This Pizza Dip Lets You Throw a New Kind of Pizza Party
At Smak Tak, a Polish kitchen in Jefferson Park, you get the feeling you’re in a cabin basement in the Polski hinterlands. In a good way. With only five tables and all wood plank everything, this restaurant excels in specialties like potato pancakes, pierogis, and breaded and broiled meats. Let’s be real, you’ll take full advantage of Smak Tak’s BYOB policy because, well, it’s pretty dark in there, and what else is there to do in your middle-of-nowhere village anyway?
“As good as Mom’s and better than the rest,” reads the slogan for this Polish-Lithuanian diner. The atmosphere is pretty old-folksy (note the prices for funeral lunches posted helpfully by the cash register), but it's well worth overlooking for the best and largest menu of Polish foods on the south side. Be sure to try the crispy roast duck and the many soups, from borsch to czarnina to tripe.
This place can only be described as hipster-coffeehouse-Polish. It's a brick and mortar version of the Pierogi Wagon and has awesome handmade pierogi in flavors you haven’t seen before, served with bacon, onions and applesauce, and sour cream. The place also serves a type of open-faced sandwiches called zapiekanka (including a veggie option), baked goods, and nicely unique assortment of bottled sodas.
A great stop for Polish food aficionados and first-timers alike: stuffed cabbage, kielbasa, and, of course, their own signature pierogis -- they have 16 kinds, everything from a standard potato & cheese to blueberry or plum. Although Kasia's pierogis can be found in grocery stores nationwide, nothing compares to the freshness and quality one has with these fresh from the deli. In addition to pierogis, Kasia's has a great variety of sandwiches and soups.
Before you write this place off for being located out past O'Hare know this: the meal starts with crusty bread and smalec—basically, spreadable lard studded with bits of bacon. You get the full, beyond-hearty-to-heart-threatening Polish highlander experience, and then can eat salad for the rest of the week.
This is one Polish restaurant that doesn't pine for the nostalgia of traditional Polish food, and we all know that people in Poland are eating cheeseburgers and Turkish doner kebabs like everyone else in Europe. This is one place that welcomes the 21st century reality, and the doner plate is a real mindbender, grilled chicken and French fries under red cabbage, topped with something like tzatziki and something else like Thousand Island. Sure, it's a total mess, but so are other late night eats, and it’s got all the elements to be the next great one on our list.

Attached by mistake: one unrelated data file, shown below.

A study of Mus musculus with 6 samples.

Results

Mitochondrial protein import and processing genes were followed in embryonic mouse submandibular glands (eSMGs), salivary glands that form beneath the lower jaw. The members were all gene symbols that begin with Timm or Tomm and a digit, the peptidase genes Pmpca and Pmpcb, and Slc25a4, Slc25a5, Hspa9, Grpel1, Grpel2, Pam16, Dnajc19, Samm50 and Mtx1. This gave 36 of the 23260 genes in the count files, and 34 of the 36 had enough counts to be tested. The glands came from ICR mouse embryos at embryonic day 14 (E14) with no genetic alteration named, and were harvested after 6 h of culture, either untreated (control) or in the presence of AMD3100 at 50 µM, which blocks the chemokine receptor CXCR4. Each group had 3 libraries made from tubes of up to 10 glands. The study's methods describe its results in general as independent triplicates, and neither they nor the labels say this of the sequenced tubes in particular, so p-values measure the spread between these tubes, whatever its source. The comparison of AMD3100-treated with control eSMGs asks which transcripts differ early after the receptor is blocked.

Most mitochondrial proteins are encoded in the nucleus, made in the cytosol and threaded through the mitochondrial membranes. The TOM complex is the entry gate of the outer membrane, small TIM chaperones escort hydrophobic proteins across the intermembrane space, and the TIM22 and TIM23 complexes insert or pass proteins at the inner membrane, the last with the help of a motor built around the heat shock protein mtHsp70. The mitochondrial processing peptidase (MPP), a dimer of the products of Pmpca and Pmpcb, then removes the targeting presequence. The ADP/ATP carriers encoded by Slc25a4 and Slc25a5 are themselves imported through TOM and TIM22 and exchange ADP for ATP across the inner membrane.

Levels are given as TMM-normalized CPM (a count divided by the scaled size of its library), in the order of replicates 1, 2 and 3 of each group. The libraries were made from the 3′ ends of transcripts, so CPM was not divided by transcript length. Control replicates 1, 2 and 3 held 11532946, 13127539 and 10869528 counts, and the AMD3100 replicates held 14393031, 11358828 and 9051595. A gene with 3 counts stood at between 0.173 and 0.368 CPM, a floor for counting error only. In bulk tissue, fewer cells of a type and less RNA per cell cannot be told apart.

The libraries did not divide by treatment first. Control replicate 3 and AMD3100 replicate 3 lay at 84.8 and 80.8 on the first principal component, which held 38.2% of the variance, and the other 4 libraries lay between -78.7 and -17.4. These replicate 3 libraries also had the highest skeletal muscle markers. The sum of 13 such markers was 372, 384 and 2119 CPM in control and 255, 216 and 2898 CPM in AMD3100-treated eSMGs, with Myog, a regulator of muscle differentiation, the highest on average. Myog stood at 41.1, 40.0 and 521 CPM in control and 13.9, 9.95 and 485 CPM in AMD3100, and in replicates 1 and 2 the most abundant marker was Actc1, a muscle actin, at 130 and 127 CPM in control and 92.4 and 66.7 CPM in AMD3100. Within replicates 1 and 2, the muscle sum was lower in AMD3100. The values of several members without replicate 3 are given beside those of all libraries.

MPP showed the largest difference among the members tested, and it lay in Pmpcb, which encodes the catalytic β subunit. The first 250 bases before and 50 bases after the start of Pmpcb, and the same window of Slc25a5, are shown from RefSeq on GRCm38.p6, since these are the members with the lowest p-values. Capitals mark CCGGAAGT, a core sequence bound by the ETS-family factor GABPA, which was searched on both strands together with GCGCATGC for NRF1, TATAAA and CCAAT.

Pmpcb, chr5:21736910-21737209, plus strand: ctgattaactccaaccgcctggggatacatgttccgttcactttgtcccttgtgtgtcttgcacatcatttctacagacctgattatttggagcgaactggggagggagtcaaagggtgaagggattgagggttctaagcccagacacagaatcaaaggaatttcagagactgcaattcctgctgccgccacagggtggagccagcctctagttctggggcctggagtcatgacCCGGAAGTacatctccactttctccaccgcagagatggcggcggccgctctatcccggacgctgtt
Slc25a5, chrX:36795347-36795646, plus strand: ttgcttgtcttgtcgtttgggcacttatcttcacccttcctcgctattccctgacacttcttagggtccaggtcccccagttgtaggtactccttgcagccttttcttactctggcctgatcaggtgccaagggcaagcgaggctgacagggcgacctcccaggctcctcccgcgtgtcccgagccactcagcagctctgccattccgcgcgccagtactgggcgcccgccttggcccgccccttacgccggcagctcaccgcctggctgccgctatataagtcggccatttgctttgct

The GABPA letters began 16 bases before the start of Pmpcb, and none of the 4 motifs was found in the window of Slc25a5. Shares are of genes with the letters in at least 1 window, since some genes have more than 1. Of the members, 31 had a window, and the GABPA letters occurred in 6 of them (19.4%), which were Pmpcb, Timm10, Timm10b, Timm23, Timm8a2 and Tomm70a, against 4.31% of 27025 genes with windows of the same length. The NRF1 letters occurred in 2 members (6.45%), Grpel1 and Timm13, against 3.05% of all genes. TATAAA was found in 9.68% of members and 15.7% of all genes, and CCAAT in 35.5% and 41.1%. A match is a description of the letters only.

As far as we’re concerned, this is the best (and most interesting) Polish deli in the city. It's a very European-feeling modern grocery with excellent, dirt cheap selection in every area, from prepared foods to breads and baked goods. But the sausage shop is the real ringer, with more than two dozen kinds of house-made sausage hanging on the wall. And, it's all made the old-fashioned way from midwest farms, often Amish, that raise their meat naturally.
Authentic Polish cuisine and specialties like rye bread and sausages, Kurowski's Butcher Shop is the place to go for delicious treats.
Although located on the very edge of the city, this bakery does the best and widest range of baked goods like ucierane (kind of like a big muffin), jabłecznik z kruszonką (apple crumble), babka orkiszowa (spelt flour cake) and housemade rye bread. It also has a great deli that uses organic products, and they also smoke their sausages and fish in-house.
The name pretty much says it all. This Jefferson Park dessert-stop can satisfy any sweet tooth with their donuts, cakes, cookies, brownies and more.
The plexiglass trophy cases of meats that line the counter are like an artwork by Damien Hirst, but there is also an excellent array of prepared foods for your takeout Polish feast needs at this small yet top quality grocery and deli. Or if you really want to take that feast up a bunch of notches, they’ll roast you a whole pig.
Modest, very friendly bakery and grocery with excellent sweet pastries, including paczki, danishes, cream puffs, and giant loaves of babka studded like panettone with dried fruit (but eggier).
These baked goods are served in Polish groceries all over town, but it's worth taking a trip to the south side for a freshly baked batch of Polish and Lithuanian treats like bacon buns (also chicken buns... for the brave to try), sweet coffee cakes with a little hint of cardamom, and babkas topped with big puddles of jam.